National bookstore essay sample

Founded by the late José Ramos along with his wife Socorro Cáncio-Ramos, the company has evolved from a small stall in Escolta that sold supplies, GI novels or US Armed Services Editions books, and school textbooks. When the Second World War broke out, strict book censorship enforced by the Japanese occupying forces forced them into selling soaps, candies, and slippers instead, buying their merchandise from wholesalers and peddling them to smaller retailers.

The Escolta area was razed during the 1945 Battle of Manila, and the Ramoses rebuilt their business by initially erecting a barong-barong (makeshift stall) at the corner of Soler and Avenida Rizal. In time to catch the post-War boom, they returned to selling textbooks, notebooks, pad paper, and pencils, the sales being good at the time as they had little competition. National Book Store was strategically opened in time to welcome school year 1946–1947.

After a typhoon in 1948 destroyed the store and damaged all the merchandise in 1948, the Ramos family decided to rebuild again, sleeping for only three hours a day after work. They eventually constructed a two-story building with a mezzanine, which was to become their retail store for many years.

In the 1950s, Socorro Cáncio-Ramos thought of producing a line of greeting cards and postcards using Philippine views and artwork. By creating a distinct design, it would promote Filipino culture to the rest of the world; the company later acquired the national franchise for Hallmark Cards. It was also at that time that they began a publishing programme with the assistance of international publishers such as McGraw-Hill, Prentice Hall, Lippincott, and Addison-Wesley.

After five years of negotiations, the Ramoses were able to acquire a piece of prime property owned by the Guerrero family in 1950. They started construction of the nine-storey Albecer Building, named after their three children—Alfredo, Benjamín, and Cecilia; the R standing for Ramos. When their children grew, they persuaded their parents to expand beyond the Avenida branch. Initially reluctant, the couple realised the opportunity envisioned by their children and they opened a new branch along Recto Avenue, catering to students in the nearby University Belt. In the 1970s, they acquired space in shopping centres that had opened in Cubao and Makati, and by the 1990s had over 50 branches nationwide.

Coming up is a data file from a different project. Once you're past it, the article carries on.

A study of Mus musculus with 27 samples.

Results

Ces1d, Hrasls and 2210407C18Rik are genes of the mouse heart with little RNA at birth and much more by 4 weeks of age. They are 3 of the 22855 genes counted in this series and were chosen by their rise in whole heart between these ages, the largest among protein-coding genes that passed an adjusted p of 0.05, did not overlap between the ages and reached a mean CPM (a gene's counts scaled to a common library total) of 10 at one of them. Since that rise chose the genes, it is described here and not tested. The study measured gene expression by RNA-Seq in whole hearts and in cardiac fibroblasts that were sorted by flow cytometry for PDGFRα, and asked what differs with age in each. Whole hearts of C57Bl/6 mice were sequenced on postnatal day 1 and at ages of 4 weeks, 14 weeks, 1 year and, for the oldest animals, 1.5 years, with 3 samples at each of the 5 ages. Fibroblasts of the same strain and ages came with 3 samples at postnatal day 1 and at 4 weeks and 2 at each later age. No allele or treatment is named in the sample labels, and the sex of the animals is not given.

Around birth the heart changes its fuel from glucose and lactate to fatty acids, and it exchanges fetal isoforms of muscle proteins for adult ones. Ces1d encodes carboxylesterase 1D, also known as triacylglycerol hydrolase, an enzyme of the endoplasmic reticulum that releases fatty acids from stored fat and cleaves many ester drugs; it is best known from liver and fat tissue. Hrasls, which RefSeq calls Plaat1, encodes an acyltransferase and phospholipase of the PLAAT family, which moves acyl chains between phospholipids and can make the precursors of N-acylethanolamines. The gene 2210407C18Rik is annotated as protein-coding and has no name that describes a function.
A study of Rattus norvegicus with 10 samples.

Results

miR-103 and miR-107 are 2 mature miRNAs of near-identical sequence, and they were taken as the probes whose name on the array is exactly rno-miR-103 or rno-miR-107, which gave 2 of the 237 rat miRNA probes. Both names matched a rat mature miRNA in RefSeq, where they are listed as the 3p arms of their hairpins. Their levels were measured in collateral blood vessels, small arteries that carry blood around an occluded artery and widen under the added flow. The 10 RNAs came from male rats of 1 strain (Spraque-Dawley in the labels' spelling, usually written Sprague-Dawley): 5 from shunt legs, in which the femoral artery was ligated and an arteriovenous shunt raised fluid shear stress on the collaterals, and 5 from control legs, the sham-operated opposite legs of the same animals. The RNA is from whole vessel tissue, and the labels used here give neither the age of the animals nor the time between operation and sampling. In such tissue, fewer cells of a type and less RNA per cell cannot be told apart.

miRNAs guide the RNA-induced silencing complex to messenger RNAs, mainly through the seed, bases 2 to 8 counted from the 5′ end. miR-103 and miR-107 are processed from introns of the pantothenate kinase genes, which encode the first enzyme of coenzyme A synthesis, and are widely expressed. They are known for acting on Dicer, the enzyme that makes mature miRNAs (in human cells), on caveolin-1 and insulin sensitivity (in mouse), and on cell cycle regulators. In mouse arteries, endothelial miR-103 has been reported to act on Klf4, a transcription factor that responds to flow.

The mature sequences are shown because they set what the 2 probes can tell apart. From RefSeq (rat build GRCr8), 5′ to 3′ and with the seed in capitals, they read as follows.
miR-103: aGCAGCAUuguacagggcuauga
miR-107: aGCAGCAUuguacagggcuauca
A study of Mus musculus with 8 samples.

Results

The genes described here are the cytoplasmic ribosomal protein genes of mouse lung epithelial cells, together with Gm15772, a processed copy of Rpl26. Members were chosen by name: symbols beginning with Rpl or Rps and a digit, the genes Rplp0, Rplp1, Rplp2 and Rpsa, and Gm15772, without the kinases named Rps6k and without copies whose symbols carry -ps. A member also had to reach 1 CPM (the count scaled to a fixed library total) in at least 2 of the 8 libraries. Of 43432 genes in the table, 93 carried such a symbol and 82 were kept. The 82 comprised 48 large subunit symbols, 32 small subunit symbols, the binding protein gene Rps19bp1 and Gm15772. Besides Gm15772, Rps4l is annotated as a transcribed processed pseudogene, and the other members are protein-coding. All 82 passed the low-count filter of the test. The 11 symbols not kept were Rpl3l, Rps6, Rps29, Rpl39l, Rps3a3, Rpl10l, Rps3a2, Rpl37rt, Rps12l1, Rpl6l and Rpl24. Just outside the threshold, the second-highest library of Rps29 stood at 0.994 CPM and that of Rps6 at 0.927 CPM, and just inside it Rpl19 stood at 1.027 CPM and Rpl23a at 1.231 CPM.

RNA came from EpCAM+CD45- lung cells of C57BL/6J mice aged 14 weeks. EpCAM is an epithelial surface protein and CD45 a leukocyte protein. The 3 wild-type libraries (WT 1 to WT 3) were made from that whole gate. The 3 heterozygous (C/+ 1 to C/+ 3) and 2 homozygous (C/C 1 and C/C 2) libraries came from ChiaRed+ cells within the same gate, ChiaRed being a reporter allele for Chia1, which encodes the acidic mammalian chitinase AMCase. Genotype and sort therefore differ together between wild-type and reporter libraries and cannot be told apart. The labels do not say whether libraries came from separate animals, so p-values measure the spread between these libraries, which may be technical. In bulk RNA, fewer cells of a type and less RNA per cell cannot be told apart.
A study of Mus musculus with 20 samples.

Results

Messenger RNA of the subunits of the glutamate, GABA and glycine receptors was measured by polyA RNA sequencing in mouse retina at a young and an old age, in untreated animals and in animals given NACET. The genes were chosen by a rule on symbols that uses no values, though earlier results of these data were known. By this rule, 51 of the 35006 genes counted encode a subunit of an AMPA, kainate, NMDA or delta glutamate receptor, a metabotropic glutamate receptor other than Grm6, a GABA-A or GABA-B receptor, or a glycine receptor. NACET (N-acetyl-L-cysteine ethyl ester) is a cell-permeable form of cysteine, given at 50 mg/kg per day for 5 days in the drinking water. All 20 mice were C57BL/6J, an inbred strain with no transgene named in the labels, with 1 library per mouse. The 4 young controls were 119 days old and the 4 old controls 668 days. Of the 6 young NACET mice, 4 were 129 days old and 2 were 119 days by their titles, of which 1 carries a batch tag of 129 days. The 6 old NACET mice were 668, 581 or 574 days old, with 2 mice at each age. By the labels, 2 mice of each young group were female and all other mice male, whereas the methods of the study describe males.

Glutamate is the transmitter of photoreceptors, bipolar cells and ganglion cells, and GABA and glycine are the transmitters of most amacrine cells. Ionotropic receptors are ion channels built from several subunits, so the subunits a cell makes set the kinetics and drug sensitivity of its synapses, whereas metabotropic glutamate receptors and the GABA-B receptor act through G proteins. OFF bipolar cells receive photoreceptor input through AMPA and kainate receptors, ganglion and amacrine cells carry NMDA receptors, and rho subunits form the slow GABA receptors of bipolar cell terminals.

1996 brought significant change to National Book Store. The family decided to change the company’s distinctive red cursive lettering and commissioned a Singaporean design firm to create a new brand. A more modern cursive font was used, and the peppermint candy-striped background was simplified to a solid, bold red. The store layout was also reformatted with colour-coded signs provided for sections and logical merchandise displays.

Expansion and PSE listing
National Book Store currently has 128 branches (including NBS Bestsellers) all over the Philippines, Metrobooks—a subsidiary store in Hong Kong that opened in 2007—, several National Book Store-Book Express mini-outlets and also several Powerbooks specialty bookstores. Also with the pending entry of National Book Store into the Philippine Stock Exchange through the renaming of Vulcan Industrial & Mining Corp., another Ramos-owned company, into National Book Store Retail Corp. they would now also venture into wholesale, publishing, printing, manufacturing, and distribution.